The first permanent Euro-American settlements began a pattern of Indian displacement and land appropriation that continued until the twentieth century. The agreements and treaties which resulted in the progressive extinguishing of Indian title and the cession and surrender of Indian lands were often accompanied, or soon followed, by surveys of the boundaries of the ceded lands. The Geography and Map Division has only a few surveys of individual cessions in the United States. As the records of official governmental decisions and actions, most boundary and cession maps will be found in the Cartographic Branch of the National Archives and Records Administration. In addition to the surveys of Individual cessions, there have been a number of maps that depict the history of the cession of tribal lands. As documentation of tribal land use and occupancy, cession and treaty boundary maps have been important legal sources for Indians for land claims.
The maps in this section have been digitized by the Library and are available for viewing and download online. Select the link on the map or in the caption to view a copy of the map that can be enlarge to view the detail.
This manuscript map by surveyor David Taitt was compiled from various surveys on behalf of Superintendent of Indian Affairs for the Southern District, John Stuart, to delineate one of the boundaries agreed upon between the Creeks and the British at congresses in 1765 and 1771. The boundary confines the British of Georgia and West Florida essentially to coastal areas, thereby ensuring the Creek principle that their nation held the entire southeast interior. The boundary's western terminus at a branch of the Coosa (Alabama) River recognizes the tracts occupied by British colonists north of Mobile Bay. The map also shows two paths to the Creek Nation, one from from Old Spanish Fort and the other from Pensacola, and includes various notes.
Shows the lands ceded to the states of South Carolina and Georgia by the Cherokee following their defeat during the American Revolutionary War.
Covering Alabama and Georgia from the Tombigbee River in the west to the southern Great Smoky Mountains and the Savannah River in the east, this map essentially depicts the Creek lands in Alabama and Georgia. It apparently was drawn by Major John Coffee, one of the commissioners appointed in 1816 to survey the boundary for the lands ceded by the Creek following their defeat in 1814 at the Battle of Horseshoe Bend. As an indication of a transfer of authority from the Creek Nation to the United States, it depicts American Army forts in the region. Before beginning this survey, Coffee interviewed some of the Creek headmen regarding the boundaries of the Creek Nation, as indicated by a note on the verso of the map reading "Spokehajo's [spelling unclear] Statement" of the extent of Creek lands.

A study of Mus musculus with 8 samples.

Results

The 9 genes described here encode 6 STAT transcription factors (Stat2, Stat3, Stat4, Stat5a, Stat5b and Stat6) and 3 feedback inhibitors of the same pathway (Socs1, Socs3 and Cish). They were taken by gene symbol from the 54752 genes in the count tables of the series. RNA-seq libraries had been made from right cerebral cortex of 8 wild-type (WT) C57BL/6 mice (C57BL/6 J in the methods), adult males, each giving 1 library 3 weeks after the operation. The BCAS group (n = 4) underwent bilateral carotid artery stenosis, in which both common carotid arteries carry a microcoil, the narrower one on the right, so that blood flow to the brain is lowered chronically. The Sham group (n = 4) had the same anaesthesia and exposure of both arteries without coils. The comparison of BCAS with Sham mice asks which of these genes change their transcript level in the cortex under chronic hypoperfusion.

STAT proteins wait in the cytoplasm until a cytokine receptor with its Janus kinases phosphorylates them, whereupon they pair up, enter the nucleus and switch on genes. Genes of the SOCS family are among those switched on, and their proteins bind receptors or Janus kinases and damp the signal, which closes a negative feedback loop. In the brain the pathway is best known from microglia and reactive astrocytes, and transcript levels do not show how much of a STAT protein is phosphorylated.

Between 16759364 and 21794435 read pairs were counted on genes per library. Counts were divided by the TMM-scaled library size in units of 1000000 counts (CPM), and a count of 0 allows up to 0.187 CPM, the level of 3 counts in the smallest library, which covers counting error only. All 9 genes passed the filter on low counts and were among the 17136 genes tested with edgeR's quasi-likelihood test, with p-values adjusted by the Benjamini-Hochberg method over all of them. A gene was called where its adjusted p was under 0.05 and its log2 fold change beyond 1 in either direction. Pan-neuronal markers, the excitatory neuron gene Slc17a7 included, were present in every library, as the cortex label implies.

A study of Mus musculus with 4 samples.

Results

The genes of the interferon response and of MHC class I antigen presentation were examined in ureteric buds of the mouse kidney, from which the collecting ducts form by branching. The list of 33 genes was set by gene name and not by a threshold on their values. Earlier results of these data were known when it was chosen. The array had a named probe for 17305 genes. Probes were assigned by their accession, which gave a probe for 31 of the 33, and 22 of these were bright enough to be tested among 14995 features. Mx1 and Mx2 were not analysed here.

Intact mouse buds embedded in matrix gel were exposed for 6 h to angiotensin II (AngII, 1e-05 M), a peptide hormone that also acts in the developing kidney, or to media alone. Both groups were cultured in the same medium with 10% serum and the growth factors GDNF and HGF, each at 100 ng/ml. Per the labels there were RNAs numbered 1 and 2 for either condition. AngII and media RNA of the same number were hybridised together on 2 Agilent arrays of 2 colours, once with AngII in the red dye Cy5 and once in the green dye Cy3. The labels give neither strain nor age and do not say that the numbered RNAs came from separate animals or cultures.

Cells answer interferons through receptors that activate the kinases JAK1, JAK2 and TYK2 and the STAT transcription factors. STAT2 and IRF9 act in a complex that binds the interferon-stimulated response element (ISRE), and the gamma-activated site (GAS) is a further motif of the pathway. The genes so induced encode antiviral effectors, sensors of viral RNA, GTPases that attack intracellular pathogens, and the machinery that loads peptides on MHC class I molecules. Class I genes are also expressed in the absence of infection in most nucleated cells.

This map shows the lands assigned to the Potawatomi, Sauk and Fox, and Winnebago peoples in Iowa a year prior to statehood in 1846. Map depicts territorial and county boundaries, Native American lands, several treaty lines devised at the Treaty of Prairie du Chien in 1830, an Indian agency and mission, and Anglo-American settlements.
Map includes portions of Virginia, West Virginia, North Carolina, South Carolina, Georgia, Alabama, Tennessee, and Kentucky to depict lands originally in Cherokee possession. Also shows Indian place names, paths, and villages.
Portrays the results of cases before the U.S. Indian Claims Commission or U.S. Court of Claims, in which an American Indian tribe proved their original tribal land occupancy.
This online resource includes the "Schedule of Indian Land Cessions" and the "Schedule of Treaties and Acts of Congress Authorizing Allotments of Land in Severalty," as well as sixty-seven maps outlining those land cessions as the second part of the two-part Eighteenth Annual Report of the Bureau of American Ethnology to the Secretary of the Smithsonian Institution, 1896-1897.
The "Schedule of Indian Land Cessions," which comprises 709 entries with links to the related maps, notes in its subtitle that it "indicates the number and location of each cession by or reservation for the Indian tribes from the organization of the Federal Government to and including 1894, together with descriptions of the tracts so ceded or reserved, the date of the treaty, law or executive order governing the same, the name of the tribe or tribes affected thereby, and historical data and references bearing thereon."
The following maps are only available at the Library of Congress in the Geography and Map Reading Room in the James Madison Building of the Library of Congress.